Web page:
ATF Rule 2021R-05 – Ghost Guns

ATF Rule 2021R-05 and Ghost Guns

               ATF’s new rule targeting “ghost guns” as Privately Manufactured Firearms (PMFs) went into effect on August 24th, 2022. A ghost gun is a homemade firearm that does not have a serial number. The new rule refers to these as Privately Manufactured Firearms, and defines them as ““[a] firearm, including a frame or receiver, completed, assembled, or otherwise produced by a person other than a licensed manufacturer, and without a serial number placed by a licensed manufacturer at the time the firearm was produced.  .” You can read the full text of Rule 2021R-05 here.

               Many ghost guns are made by purchasing an unfinished receiver, commonly called an 80% receiver. These products were often purchased on the internet and could be shipped to any person who wishes to build a firearm. Once in possession of the 80% receiver, the person building the firearm would have to finish milling the receiver before it could actually function as a firearm. Prior to ATF’s new rule, a homemade firearm made with an 80% receiver would not need a serial number. Now that rule has taken effect, this is no longer the case. As will be explained further below, you will now have to go through a licensed firearms dealer to purchase an 80% receiver.

               ATF Rule 2021R-05 redefines what a firearm is. The definition now includes a “weapon parts kit that is designed to or may be readily completed, assembled, restored, or otherwise converted to expel a projectile by the action of an explosive.” This is paired with ATF’s new definition of a “Firearm Frame or Receiver” to include a partially complete, dissembled, or nonfunctional frame or receiver that has reached the stage where it can be quickly and easily (“readily”) made to function as a frame or receiver.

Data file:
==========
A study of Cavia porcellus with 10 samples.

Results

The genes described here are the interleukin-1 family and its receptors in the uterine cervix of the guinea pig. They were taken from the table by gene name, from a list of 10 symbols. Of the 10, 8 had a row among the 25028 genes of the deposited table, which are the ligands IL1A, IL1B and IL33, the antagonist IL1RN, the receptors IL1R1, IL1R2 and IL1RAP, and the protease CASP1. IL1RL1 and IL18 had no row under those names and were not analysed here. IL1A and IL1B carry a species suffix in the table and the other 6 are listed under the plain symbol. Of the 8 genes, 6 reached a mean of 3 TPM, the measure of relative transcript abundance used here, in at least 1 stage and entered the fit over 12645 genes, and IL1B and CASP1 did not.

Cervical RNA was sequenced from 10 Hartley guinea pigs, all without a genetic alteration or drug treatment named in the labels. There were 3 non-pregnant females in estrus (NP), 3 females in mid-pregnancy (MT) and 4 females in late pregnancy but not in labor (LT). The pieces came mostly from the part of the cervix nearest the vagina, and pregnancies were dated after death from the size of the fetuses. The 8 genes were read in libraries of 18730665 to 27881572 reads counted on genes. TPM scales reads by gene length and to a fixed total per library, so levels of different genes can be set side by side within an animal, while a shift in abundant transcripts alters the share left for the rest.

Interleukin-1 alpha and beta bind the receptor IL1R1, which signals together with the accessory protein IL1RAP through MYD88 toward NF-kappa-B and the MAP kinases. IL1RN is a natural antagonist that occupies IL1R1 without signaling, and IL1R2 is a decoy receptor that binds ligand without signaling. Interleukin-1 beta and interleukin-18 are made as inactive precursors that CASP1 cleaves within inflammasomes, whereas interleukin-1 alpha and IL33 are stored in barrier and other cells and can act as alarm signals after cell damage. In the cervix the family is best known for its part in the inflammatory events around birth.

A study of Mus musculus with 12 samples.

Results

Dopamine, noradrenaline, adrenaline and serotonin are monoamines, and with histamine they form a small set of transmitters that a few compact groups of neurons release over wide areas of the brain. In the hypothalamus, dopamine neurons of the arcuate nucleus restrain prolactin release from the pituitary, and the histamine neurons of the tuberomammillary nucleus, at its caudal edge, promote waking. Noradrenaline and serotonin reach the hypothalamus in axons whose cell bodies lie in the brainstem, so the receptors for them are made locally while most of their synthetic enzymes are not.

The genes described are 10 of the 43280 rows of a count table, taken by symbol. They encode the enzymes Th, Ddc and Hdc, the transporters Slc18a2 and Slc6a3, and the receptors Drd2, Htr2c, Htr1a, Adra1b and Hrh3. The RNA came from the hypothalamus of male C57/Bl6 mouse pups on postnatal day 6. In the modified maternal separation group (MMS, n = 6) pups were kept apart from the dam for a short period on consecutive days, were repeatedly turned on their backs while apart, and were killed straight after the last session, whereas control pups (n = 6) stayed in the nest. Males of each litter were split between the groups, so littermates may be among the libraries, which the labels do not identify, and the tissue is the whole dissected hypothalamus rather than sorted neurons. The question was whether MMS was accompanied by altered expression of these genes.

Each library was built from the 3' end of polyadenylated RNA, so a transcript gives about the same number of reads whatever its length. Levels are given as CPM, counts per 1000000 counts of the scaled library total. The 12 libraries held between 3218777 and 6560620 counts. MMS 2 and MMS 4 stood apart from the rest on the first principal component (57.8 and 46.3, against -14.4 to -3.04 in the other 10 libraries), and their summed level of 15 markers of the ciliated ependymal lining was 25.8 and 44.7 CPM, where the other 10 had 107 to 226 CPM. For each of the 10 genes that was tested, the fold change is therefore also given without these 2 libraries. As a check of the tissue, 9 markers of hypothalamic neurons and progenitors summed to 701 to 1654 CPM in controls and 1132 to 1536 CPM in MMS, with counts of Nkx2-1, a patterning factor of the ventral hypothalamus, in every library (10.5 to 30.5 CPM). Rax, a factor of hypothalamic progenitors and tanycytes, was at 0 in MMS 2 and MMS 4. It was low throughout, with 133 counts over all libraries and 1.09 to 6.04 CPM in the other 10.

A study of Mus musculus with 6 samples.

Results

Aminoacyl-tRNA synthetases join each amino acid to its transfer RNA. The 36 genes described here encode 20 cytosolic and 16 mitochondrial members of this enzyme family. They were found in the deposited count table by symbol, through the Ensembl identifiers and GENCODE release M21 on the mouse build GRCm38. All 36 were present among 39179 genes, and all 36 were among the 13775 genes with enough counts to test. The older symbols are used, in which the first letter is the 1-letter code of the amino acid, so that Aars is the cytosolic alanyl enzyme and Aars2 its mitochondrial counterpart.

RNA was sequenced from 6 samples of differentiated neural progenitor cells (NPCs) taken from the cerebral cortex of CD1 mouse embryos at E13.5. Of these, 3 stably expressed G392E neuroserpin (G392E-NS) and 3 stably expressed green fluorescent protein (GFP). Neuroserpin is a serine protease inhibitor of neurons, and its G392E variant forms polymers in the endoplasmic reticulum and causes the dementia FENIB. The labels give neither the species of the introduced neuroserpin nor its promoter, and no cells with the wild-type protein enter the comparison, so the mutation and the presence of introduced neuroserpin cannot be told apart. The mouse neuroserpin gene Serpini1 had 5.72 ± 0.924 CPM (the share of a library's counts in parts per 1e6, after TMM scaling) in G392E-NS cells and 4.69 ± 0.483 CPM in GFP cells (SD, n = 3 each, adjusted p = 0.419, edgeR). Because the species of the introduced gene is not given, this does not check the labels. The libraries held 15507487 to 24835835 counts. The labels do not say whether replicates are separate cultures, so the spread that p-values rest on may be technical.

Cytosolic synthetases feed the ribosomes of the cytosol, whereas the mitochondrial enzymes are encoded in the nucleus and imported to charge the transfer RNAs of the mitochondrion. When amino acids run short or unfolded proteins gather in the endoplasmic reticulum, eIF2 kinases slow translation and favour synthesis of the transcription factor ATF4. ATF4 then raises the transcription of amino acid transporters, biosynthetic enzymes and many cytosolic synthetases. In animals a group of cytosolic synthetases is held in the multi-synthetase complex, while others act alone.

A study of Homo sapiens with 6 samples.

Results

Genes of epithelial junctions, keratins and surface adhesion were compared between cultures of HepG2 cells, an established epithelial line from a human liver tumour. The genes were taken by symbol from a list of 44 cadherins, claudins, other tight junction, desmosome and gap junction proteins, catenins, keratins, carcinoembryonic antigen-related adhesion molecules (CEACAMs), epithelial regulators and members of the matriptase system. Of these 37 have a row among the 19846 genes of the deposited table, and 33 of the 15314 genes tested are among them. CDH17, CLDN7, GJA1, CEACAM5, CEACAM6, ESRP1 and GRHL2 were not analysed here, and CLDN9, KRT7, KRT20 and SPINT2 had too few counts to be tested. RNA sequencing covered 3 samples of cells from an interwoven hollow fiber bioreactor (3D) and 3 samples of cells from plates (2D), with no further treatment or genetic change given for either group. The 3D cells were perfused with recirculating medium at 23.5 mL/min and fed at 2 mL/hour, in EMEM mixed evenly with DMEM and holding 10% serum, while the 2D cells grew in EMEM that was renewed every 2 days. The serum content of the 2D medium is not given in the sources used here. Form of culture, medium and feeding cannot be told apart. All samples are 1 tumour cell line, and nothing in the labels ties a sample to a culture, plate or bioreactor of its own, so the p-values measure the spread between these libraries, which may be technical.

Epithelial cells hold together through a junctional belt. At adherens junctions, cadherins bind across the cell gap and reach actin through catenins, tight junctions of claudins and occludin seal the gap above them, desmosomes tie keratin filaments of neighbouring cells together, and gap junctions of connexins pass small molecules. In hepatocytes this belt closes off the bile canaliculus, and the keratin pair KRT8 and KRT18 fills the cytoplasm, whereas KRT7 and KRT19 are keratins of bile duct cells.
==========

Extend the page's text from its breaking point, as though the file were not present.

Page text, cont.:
Can You Still Build Your Own Firearm Under ATF Rule 2021R-05?

               ATF’s new rule does not change the definition of a Firearm Frame or Receiver to include 3D printed firearms. Further, Rule 2021R-05 does not prohibit you from building a firearm using an 80% receiver. The Rule just changes the process of building your firearm this way. Rather than having the receiver or kit shipped directly to you, the new Rule will require you to have it shipped to an FFL. You will then need to go through the same process that typically follows buying a gun, including a background check. Remember, this new receiver will have a serial number that allows the government to keep track of who bought it from the FFL.

Taking Your PMF to be Serviced Under ATF Rule 2021R-05

ATF Rule 2021R-05 changes a variety of other rules and definitions already in place. One of the most important changes for those who already own a PMF involves taking your PMF in for service to a Federal Firearms Licensee (FFL). Under the new rule, if you take your PMF in for service to an FFL and leave it in their possession (requiring the FFL to log the PMF into their inventory), the FFL will now be required to put a serial number on it within 7 days of taking possession. This means that you may pick up your firearm with a serial number on it where there wasn’t one before.

For a further explanation click here for a video on ATF Rule 2021R-05.